The transition from paper to digital hat in many ways changed both the format and the understanding of what a proposal form is in the context of car insurance. Pre internet, people would have to fill in a proposal form in order to obtain car insurance, often having been given a verbal quote first of all.
Nowadays, insurance companies have pushed the whole mechanism of obtaining car insurance online, and people had to fill in a significant amount of information, often over several screens, in order to obtain a car insurance quotation, and obtain cover itself. The difference, is that many people often think of the online questions as more of a questionnaire, rather than as a legal document, which in effect is what it is.
It is worth understanding the context of a proposal form, whether it be in paper or digital format, given that any wrong or misinformation can invalidate the insurance policy, and allow the insurance company to deny any liability in paying future claims.
A proposal form is the basis on which the insurance company obtains information on a potential customer, that allows them to assess a risk, and decide whether or not to agree to insure them, and if so, on what terms and conditions and at what cost. The proposal form will include a number of questions designed to elicit the information that the insurance company feels it needs to know in order to assess the risk.
What is often not understood about a proposal form, is that the potential customer has an obligation to disclose any information that might be relevant to the insurance company in order to make this assessment. This is irrespective of whether or not there are any questions that cover the information. This principle in insurance terms is known as utmost good faith. It puts the onus on the potential customer to disclose all information that an insurance company might reasonably expect to be relevant.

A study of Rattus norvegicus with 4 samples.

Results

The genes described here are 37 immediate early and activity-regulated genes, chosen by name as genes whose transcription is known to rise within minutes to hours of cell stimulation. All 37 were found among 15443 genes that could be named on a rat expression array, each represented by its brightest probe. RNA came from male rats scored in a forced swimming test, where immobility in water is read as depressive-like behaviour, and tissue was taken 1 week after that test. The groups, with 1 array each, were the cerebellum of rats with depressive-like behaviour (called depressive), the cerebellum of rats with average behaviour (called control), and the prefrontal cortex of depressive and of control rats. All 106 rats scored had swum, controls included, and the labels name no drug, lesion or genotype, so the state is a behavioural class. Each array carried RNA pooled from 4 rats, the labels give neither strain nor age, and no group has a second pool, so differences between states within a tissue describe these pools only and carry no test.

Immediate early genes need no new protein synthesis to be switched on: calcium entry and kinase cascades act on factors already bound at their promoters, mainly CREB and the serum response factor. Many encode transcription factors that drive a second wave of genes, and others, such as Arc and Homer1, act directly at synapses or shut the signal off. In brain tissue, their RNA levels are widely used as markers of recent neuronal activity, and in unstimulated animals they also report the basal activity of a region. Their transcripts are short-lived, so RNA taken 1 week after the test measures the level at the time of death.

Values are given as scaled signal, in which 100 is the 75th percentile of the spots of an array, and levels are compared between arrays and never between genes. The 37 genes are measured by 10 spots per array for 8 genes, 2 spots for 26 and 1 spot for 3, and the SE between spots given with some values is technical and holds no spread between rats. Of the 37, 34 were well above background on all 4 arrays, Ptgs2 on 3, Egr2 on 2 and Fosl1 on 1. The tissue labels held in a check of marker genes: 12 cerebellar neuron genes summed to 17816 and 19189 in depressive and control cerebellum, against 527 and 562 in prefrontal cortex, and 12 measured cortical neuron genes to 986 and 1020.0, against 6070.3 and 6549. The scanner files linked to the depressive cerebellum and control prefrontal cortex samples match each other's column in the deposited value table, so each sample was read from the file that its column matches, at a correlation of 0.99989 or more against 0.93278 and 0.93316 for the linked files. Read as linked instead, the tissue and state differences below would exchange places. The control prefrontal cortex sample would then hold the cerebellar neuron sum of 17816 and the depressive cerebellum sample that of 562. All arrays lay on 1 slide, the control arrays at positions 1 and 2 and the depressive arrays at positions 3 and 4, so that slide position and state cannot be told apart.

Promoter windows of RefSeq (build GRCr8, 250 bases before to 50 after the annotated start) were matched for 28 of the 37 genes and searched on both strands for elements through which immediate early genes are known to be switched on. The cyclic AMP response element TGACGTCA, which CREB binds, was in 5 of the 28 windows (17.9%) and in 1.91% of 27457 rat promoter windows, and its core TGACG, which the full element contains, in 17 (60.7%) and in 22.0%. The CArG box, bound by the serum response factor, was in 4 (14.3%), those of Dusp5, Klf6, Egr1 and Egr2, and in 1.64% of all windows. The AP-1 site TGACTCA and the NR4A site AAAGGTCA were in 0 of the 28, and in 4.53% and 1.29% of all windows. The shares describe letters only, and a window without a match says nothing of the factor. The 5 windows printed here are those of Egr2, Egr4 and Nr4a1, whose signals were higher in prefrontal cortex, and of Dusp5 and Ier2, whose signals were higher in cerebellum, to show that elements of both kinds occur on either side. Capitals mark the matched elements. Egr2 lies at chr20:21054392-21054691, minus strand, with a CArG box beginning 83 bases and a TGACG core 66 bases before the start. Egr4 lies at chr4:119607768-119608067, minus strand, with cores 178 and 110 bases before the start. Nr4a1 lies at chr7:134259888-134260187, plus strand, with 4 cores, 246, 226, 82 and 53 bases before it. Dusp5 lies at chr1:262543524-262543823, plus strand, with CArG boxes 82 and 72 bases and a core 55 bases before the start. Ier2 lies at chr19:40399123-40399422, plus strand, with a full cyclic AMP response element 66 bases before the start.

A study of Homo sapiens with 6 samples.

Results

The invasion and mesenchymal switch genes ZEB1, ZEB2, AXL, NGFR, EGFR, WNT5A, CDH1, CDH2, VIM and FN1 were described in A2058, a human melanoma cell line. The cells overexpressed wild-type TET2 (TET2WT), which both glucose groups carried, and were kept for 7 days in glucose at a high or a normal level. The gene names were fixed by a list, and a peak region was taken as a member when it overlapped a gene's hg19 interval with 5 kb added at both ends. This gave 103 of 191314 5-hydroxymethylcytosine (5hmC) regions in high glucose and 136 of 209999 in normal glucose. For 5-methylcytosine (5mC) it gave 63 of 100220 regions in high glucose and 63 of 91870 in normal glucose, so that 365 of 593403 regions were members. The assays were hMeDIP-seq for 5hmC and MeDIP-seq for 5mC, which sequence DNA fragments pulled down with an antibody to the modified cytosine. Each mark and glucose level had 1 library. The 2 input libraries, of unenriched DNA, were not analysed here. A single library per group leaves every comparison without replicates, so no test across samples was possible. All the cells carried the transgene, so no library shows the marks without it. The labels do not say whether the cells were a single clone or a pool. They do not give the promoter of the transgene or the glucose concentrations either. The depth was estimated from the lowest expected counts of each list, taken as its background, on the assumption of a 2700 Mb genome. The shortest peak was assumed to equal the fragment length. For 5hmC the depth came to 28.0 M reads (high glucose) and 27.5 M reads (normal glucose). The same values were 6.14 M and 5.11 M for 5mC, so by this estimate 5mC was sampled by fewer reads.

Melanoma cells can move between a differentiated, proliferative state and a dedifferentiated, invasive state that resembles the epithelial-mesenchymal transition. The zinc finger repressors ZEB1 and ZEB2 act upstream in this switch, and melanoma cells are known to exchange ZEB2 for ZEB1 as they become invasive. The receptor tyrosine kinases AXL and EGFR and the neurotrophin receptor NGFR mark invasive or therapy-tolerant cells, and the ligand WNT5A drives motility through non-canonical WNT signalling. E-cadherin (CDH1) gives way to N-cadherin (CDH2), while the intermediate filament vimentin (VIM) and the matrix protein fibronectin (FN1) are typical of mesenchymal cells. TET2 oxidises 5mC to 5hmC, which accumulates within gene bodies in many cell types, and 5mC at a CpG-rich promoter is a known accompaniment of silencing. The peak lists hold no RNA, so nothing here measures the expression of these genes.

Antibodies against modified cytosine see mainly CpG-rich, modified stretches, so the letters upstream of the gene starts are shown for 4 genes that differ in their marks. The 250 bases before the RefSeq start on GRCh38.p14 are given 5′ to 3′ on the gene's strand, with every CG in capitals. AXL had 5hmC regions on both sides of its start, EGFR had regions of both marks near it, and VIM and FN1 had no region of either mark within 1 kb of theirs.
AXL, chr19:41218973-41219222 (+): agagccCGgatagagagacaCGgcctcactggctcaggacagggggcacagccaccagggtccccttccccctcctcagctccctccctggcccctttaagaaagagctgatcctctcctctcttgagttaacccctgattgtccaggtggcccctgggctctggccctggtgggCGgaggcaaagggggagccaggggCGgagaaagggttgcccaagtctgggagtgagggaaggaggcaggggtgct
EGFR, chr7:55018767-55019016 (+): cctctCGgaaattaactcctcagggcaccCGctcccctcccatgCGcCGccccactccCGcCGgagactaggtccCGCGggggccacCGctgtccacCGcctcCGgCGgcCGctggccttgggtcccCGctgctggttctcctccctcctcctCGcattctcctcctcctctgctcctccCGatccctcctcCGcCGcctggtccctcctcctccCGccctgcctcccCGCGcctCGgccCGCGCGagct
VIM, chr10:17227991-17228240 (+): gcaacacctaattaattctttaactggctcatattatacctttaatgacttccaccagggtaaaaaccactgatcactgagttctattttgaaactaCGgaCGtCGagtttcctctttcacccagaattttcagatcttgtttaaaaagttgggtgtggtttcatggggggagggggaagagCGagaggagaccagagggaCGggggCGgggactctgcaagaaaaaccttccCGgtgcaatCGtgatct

A proposal form will often have several parts to it, with several sub-sections depending on particular answers. One obvious example would be that of motoring convictions. If the question is asked whether or not the insured has any prior motoring convictions, it will normally be a simple yes or no answer to begin with. If the answer is no, then the insured goes on to another question. If the answer is yes then there is normally space for the insured to give details of what these convictions were.
This is a fairly obvious example of where the information is important for the insurance company to have full and frank details. If the prospective customer or insured gives wrong information, or misleading information, it can affect the judgement of the insurance underwriter. Previous convictions can be a good indicator of someones attitude to driving and any restrictions placed upon them, such as speed limits.
Some people will give false information in the hope that they will not be found at, although this is a dangerous and risky premise. Normally people will give the wrong information either because they don’t remember things accurately, or they feel that some information is too old or out of date to be relevant. Again this is risky, because it can invalidate their policy.
One thing that is worth remembering is that insurance companies will normally only check the details given in the proposal form when there is a need for the insured to make a claim on the policy. If no claim is made, the insurance company will normally not bother. If a claim is made, then they will check if all the information on the written proposal form was accurate, and if not, it may well give them an opportunity to deny the claim and deny any liability under the terms of the policy.